Chicken Stock Is All You Need To Curb Thanksgiving Disasters

Chicken stock is a kitchen staple that's ideal to keep on hand for making anything from soups and stews to sauteed greens. Not only does it build rich flavor in a dish, but it's also chock-full of nutrients like protein, collagen, and multiple amino acids. And on Thanksgiving, chicken stock can be your savior with its ability to improve your timing on the turkey and fix common mistakes made when preparing savory sides.

Preparing Thanksgiving dinner requires a strategic plan that often includes coordinating preparation so that all dishes are ready when the turkey is. While there are tons of tips for troubleshooting turkey, there seem to be just as many possible pitfalls — one of which is the turkey taking significantly longer (or shorter) than expected to cook. To minimize issues related to the turkey (and to save oven space), you can make the turkey ahead of time. However, reheating the meat when it's time to eat has the potential to dry it out. That's where the chicken stock comes in.

Keeping chicken stock handy on your stovetop means you can warm that bird right back up. Just place the sliced turkey on a platter and simply ladle the hot stock over it before serving. Preparing the turkey ahead of time and serving it this way serves as damage control against having overcooked side dishes while waiting for the turkey to finish. However, if you do have issues with your sides, chicken stock can save those, too.

How else to use chicken stock

When it comes to sides, there's no shortage of challenges either. If you've made them ahead of time, they can be just as apt to lose moisture as the turkey is when reheating. Or, perhaps in the frenzy of preparing so many dishes, one becomes overcooked. That's when your pot of chicken stock comes in handy again.

Stuffing is a prime example of a dish that tends to dry out. If you've made it the day before, you can spoon a bit of stock over the top before reheating in the oven. However, if your stuffing has finished earlier than your other dishes, create crevices in the stuffing and fill them with stock to keep it warm.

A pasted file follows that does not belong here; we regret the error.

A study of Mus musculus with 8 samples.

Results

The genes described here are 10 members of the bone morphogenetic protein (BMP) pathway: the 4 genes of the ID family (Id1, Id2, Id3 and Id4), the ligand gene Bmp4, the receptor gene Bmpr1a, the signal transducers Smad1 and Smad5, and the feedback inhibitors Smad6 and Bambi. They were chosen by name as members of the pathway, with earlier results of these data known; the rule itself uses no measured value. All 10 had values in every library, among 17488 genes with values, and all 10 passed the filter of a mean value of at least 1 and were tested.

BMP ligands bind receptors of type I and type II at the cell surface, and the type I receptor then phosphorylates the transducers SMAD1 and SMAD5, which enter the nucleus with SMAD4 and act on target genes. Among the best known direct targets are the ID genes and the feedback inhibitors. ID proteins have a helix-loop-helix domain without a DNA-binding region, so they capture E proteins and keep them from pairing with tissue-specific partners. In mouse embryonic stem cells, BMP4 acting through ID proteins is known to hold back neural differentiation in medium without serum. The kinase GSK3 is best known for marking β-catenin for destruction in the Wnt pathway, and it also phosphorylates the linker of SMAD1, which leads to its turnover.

Mashed potatoes can also be finicky. If you've prepared them before the big day and find yourself with a pile of dry, pasty potatoes, try slowly adding chicken stock and mixing until you reach the right consistency. You can also add chicken stock while initially mashing them — just reduce the milk and butter accordingly. And you can even boil the potatoes in the stock for added flavor and a smoother texture.

Finally, no one wants to make the mistake of not having enough gravy to go around, but if it happens, let the chicken stock come to the rescue. Use it to make more gravy, or add it to your existing gravy, adjusting the other ingredients as necessary.

How to make, store, and upgrade chicken stock

If you want to keep chicken stock on hand on Thanksgiving to help mitigate any potential meal disasters, as with anything, it's always best to make it yourself. To make it, you'll need bones, mirepoix, and herbs. If you store it in the refrigerator, it will last for a few days, and you can freeze it for up to three months. But if cooking one more thing before Thanksgiving sounds like a hassle, you can also buy stock at the store.

The upside of store-bought stock is that it typically has a long shelf life — you can typically store it for up to a year. However, be sure to choose stock over broth — broth contains salt, which could add unwanted flavor to your already seasoned dishes. Check the label to make sure that there aren't any added seasonings for the same reason.

Store-bought stock may not have the same rich flavor as homemade chicken stock, but if you're using it to warm or fix your foods, that may not matter. However, if you're looking to elevate it, you can add the same herbs and spices as you would to a homemade version, from onions and garlic to ginger or fennel. Regardless of whether you make it yourself or buy it at the store and dress it up, it's an ingredient you'll be thankful you have on hand on Thanksgiving.